Under Joint Implementation, an Annex I country can invest in emissions reduction projects in any other Annex I country as an alternative to reducing emissions domestically. This allows countries to reduce emissions in the most cost-effective way, and apply the credits for those reductions towards their own emissions reduction target. Most JI projects are expected to take place in the so-called “economies in transition to a market economy”, mainly Russia and Ukraine. Most of the rest of the “transition economies” have since joined the EU or are in the process of doing so, and therefore are or will be soon covered under the EU emissions reduction legislation.

The credits for JI emission reductions are accounted for in the form of Emission Reduction Units (ERU’s), with one ERU representing a reduction of one ton of equivalent. These ERU’s come out of the host country’s pool of assigned emissions credits, which ensures that the total amount of emissions credits among Annex I parties remains stable.

ERU’s will only be awarded for Joint Implementation projects that produce emissions reductions that are “...additional to any that would otherwise occur” (the so-called “additionality” requirement), which means that a project must prove that it would only be financially viable with the extra revenue of ERU credits. Moreover, Annex I parties may only rely on joint implementation credits to meet their targets to the extent that they are “supplemental to domestic actions”. However, since it is very hard to define which actions are “supplemental”, this clause is largely meaningless in practice.

Clean Development Mechanism
The Clean Development Mechanism allows Annex I parties to generate or purchase emissions reduction credits from projects undertaken in developing (non-Annex I) countries. In exchange, developing countries will have access to resources and technology to assist in development of their economies in a sustainable manner. The credits earned from CDM projects are known as “certified emissions reductions” (CER’s). These projects must also meet the requirement of “additionality”.

A wide variety of projects have been launched under the CDM, including those involving renewable energy, energy efficiency, fuel switching, landfill gases, better management of methane from animal waste, the control of coal mine methane and controlling emissions of certain industrial gases, including HFC’s and N2O.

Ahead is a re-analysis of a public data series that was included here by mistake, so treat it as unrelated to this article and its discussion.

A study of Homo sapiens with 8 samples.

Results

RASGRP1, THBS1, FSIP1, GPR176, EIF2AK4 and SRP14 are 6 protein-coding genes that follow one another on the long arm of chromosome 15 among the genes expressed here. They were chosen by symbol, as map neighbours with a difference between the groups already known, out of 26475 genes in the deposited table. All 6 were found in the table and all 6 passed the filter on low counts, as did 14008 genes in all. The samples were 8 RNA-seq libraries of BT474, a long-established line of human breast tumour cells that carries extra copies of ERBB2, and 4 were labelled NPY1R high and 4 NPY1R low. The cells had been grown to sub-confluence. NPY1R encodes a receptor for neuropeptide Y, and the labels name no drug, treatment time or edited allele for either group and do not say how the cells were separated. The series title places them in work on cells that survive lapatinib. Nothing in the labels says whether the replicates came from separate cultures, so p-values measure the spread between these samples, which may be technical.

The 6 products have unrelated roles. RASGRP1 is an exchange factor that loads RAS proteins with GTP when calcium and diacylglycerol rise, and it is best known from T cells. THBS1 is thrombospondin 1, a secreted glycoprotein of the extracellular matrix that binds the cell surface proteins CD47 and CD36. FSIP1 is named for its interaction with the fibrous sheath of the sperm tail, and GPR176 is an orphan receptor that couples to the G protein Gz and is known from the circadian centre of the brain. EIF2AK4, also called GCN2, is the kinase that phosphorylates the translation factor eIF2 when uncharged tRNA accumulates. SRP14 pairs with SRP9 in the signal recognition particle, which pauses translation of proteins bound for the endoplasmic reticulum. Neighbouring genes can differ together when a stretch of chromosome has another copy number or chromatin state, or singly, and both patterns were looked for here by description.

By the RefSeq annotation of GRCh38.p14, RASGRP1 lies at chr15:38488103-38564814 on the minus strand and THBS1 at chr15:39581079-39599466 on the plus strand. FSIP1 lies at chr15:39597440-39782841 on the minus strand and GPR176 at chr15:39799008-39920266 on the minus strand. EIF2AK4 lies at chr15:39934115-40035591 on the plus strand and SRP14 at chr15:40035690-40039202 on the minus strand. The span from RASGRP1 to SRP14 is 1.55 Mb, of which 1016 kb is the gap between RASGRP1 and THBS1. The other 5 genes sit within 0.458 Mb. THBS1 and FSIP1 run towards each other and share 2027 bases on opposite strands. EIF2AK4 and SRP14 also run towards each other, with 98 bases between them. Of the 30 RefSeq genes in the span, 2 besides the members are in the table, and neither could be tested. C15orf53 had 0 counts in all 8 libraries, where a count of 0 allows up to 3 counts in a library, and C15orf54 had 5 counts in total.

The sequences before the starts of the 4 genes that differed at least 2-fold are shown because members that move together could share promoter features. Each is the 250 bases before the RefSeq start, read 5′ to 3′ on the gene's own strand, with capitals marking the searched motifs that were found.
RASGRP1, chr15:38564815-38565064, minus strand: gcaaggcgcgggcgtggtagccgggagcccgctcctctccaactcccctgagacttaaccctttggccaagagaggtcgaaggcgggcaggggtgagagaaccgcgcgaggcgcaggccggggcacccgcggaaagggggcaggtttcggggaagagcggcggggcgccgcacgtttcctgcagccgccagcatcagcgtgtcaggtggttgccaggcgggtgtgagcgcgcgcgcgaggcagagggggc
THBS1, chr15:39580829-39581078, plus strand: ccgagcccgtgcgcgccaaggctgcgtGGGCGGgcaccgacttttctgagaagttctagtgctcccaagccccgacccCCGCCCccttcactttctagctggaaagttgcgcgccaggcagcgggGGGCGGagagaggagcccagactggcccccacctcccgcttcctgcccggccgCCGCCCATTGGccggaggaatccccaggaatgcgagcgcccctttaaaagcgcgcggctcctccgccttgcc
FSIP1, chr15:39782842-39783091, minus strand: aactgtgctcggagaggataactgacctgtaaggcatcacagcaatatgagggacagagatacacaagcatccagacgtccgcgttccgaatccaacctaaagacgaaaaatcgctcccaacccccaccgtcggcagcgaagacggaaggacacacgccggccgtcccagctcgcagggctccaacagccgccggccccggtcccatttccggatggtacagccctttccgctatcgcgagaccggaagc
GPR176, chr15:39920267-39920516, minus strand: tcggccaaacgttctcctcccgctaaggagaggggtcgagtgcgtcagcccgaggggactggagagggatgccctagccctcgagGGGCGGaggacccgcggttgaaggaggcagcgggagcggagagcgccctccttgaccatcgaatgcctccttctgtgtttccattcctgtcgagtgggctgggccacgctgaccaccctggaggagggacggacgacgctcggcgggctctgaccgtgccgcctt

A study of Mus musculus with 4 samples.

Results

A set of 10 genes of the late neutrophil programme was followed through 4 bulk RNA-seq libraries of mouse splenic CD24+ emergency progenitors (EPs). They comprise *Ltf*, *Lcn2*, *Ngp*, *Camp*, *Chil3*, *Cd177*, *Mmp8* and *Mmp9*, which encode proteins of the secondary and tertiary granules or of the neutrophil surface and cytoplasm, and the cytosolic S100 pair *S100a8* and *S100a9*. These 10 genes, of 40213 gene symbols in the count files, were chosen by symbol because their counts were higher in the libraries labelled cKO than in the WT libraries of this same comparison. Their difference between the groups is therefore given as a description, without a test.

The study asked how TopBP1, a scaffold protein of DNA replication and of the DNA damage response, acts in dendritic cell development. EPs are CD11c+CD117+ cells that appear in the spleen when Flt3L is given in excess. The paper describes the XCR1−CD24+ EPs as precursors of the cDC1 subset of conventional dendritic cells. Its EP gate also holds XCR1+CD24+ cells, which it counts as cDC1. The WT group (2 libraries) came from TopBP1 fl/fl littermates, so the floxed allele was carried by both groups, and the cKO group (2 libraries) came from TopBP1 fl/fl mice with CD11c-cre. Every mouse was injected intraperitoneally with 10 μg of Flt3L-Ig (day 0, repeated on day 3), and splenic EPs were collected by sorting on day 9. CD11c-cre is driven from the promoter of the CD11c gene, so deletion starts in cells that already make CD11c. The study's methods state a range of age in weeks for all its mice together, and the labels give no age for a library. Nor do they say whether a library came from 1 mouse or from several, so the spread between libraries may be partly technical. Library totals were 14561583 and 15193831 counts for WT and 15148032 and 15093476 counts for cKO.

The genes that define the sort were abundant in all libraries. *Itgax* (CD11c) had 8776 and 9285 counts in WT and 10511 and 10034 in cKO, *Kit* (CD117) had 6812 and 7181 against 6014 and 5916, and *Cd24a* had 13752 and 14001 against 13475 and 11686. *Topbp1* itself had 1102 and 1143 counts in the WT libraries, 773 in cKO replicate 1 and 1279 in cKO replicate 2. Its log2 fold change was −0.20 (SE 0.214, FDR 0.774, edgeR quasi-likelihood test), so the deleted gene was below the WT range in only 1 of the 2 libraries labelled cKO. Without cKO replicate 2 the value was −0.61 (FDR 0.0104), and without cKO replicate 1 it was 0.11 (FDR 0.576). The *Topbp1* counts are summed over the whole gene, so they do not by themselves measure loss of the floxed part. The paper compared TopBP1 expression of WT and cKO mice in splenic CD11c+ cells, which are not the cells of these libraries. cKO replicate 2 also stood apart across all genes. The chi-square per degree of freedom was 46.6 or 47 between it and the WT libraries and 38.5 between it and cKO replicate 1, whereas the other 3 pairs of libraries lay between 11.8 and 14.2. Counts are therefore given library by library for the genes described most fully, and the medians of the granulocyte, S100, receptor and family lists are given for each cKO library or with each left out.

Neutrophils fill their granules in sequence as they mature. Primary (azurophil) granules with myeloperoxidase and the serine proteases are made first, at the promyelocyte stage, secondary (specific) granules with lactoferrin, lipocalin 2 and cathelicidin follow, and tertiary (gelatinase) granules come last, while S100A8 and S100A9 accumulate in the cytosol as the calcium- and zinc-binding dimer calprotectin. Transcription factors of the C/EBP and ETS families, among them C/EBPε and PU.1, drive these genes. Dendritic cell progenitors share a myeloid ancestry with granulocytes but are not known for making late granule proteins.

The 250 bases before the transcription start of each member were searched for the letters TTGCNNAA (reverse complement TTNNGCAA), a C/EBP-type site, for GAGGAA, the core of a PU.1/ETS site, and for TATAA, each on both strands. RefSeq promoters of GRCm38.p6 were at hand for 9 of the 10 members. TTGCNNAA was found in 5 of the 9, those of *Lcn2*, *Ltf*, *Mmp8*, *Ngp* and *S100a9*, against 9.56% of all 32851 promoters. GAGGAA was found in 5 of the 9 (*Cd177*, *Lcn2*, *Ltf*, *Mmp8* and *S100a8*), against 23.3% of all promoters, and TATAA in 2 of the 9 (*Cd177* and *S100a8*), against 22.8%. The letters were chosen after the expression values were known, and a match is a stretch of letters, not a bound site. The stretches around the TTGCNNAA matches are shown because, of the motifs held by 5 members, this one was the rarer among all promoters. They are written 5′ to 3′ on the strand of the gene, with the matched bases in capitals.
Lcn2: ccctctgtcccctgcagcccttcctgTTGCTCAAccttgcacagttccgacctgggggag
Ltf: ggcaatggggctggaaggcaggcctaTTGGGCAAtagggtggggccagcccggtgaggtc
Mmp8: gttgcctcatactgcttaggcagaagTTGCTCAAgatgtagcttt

China has traditionally dominated the CDM market. In 2007 it expanded its market share of transactions to 62%. However, CDM projects have been registered in 45 countries and the UNFCCC points out that investment is now starting to flow into other parts of the world, not only to India and Brazil, but also to Africa, Eastern Europe and Central Asia.

In 2008, the CDM accounted for transactions worth €24bn1), mainly from private sector businesses in the EU, European governments and Japan.

The average time for CDM projects to be agreed is currently about 1-2 years from the moment that they enter the “CDM pipeline” which contains nearly 4,000 projects as of October 2008. More than 500 projects have received CER’s to date, and over two thirds of those CER’s have come from industrial gas projects. Renewable energy projects have been slower to reach fruition, and the rigorous CDM application procedure has been criticized for being too slow and cumbersome. The “additionality” requirement in particular has been a stumbling block since it is difficult to prove that a project would not be viable without the existence of CER’s.